I was so hoping to prove that the groundhog was wrong. We are so close to the official start of spring. Wouldn’t you know it is snowing again with below freezing temperatures. I am guessing the early spring songbirds that have arrived up here in Northwest Ohio are wondering if they should fly back south.
Another early sign of spring, according to the Ohio State University phenology calendar, is Silver Maples are beginning to bloom. I know this is correct as I have seen Silver Maple flowers on the pavement in various places.
Phenology in horticulture is based on Growing Degree Days. Growing Degree Days is the measurement of the growth and development of plants and insects during the growing season. This GDD phenology tool was developed by researchers with the Ohio State University Agriculture Research and Development Centers. The phenology tool is available online: https://weather.cfaes.osu.edu/gdd/.
This website uses Growing Degrees Days that ultimately provides a biological calendar that “marries” a list of plants at their first and full bloom and insect activity. This calendar is a sequence of events that includes both plants and insects including their ties to each organism based on the number of Growing Degree Days.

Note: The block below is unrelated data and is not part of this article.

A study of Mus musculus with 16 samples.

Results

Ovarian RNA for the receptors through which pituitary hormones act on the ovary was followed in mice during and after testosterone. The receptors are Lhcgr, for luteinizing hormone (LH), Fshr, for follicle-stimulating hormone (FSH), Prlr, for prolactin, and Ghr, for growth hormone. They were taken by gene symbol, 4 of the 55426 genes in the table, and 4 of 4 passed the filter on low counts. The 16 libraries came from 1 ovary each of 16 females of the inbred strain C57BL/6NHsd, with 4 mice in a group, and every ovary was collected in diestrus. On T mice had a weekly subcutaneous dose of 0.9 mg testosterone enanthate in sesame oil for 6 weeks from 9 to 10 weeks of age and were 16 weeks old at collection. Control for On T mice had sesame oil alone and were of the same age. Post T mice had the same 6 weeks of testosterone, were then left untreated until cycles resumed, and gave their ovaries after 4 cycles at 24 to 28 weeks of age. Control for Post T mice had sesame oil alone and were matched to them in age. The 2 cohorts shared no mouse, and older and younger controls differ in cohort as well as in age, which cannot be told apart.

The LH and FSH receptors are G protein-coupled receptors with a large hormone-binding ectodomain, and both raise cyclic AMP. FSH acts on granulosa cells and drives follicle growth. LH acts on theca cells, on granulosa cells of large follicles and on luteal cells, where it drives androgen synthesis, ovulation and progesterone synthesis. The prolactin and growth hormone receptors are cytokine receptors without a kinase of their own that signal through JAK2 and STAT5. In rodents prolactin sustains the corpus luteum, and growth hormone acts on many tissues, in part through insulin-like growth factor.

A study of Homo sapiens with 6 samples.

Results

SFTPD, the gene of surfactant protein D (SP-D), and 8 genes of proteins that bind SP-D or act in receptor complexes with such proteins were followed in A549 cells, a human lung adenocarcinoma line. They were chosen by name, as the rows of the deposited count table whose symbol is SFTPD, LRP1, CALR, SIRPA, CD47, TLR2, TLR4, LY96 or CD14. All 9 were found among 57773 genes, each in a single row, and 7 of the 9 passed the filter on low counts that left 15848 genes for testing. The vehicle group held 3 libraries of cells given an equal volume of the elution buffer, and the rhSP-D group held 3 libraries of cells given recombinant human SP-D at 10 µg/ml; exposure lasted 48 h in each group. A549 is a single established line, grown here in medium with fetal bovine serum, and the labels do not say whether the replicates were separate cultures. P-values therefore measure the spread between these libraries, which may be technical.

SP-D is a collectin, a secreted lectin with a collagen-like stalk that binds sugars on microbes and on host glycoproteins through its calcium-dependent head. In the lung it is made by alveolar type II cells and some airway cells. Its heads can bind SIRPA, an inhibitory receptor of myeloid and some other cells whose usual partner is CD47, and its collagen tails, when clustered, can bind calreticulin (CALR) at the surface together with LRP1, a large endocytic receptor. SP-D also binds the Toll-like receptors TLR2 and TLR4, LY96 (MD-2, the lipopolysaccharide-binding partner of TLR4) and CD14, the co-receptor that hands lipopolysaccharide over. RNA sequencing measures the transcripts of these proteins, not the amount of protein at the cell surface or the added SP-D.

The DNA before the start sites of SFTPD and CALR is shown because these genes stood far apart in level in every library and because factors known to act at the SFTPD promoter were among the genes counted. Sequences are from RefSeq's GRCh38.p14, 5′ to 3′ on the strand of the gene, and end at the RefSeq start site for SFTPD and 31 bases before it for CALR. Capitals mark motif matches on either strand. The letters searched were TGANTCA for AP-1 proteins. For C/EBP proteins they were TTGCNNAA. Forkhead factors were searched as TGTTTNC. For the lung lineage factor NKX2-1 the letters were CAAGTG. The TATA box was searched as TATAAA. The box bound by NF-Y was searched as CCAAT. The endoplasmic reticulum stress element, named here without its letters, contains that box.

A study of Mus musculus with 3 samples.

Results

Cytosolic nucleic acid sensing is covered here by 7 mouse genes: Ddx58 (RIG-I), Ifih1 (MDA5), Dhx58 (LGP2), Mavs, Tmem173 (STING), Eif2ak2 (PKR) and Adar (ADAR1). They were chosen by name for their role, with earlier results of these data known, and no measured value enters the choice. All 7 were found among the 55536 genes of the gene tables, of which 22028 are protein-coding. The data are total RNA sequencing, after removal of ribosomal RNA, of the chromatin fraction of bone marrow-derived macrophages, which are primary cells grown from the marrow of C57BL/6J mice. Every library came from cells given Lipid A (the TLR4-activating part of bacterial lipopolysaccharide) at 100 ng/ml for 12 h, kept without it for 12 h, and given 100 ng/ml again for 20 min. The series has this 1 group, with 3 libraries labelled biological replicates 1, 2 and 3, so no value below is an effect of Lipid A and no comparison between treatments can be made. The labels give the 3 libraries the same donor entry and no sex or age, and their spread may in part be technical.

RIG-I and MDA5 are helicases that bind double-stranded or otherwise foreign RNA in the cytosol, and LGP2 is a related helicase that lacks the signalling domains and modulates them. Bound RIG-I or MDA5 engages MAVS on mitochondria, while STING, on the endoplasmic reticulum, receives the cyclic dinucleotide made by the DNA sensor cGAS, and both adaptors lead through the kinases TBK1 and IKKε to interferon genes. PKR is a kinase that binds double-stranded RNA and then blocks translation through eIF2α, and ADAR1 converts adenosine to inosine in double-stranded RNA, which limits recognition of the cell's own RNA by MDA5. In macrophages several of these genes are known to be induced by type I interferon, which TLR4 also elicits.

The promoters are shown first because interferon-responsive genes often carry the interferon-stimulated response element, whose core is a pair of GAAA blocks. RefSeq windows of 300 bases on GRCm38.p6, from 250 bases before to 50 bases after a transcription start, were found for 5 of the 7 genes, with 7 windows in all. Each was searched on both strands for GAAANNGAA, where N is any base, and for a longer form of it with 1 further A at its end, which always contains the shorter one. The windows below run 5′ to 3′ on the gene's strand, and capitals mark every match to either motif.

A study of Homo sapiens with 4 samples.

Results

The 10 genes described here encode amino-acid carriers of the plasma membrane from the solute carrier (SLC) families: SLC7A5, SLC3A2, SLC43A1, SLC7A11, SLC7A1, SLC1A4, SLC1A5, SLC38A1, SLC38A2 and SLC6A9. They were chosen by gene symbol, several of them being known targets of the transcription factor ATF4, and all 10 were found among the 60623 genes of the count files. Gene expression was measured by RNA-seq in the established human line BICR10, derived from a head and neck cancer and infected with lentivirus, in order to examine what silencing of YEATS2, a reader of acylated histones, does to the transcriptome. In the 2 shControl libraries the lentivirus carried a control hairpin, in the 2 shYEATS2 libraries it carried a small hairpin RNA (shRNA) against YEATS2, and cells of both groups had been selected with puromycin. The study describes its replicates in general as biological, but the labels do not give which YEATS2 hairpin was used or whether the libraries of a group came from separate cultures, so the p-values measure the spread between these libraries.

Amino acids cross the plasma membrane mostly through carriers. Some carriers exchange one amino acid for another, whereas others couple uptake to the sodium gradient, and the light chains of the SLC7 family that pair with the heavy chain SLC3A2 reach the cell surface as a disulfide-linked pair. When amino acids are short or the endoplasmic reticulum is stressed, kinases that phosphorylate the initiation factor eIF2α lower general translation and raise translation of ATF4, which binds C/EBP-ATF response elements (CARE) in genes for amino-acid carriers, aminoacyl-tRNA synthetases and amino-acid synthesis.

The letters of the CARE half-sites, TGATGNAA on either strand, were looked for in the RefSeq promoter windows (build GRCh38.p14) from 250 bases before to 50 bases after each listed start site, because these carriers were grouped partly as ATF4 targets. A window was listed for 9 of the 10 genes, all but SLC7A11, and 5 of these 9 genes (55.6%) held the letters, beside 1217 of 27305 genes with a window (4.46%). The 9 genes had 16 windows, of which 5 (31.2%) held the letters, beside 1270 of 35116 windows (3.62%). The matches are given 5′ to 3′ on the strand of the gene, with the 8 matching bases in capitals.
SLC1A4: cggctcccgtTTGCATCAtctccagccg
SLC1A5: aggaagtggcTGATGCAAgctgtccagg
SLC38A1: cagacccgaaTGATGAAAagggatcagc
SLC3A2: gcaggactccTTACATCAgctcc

We also have reached the number of Growing Degree Days for our spring bulbs to emerge from the soil. This now begs the question about my spring bulbs emerging: Will the colder temperatures and snow hurt, or even cause damage, to my spring bulbs, mainly my daffodils and tulips?
The answer is probably no. Even if the foliage is matted down by late season snow, the flowers should be fine. Although the leaves have emerged, the flowers are still protected underground. Of course, this does not include some of our spring flowering bulbs that have already appeared and have flowered or are now beginning to flower. These include Snowbells, Winter Aconites, Crocuses and Hellebores, also known as Lenten Roses. Not all is lost as these early flowering bulbs are sometimes protected by snow from the freezing temperatures, and they do just fine.
Daffodils, Hyacinths and Tulips are later flowering bulbs that should be fine through this cold snap. If you have mulch on top of the foliage just let it go, it will not hurt a thing. In fact, removing it can damage the foliage.
So, do not worry about your bulbs, they should be fine even if covered by snow or suffering through cold temperatures. Unless, of course, if your tulips are surrounded by deer.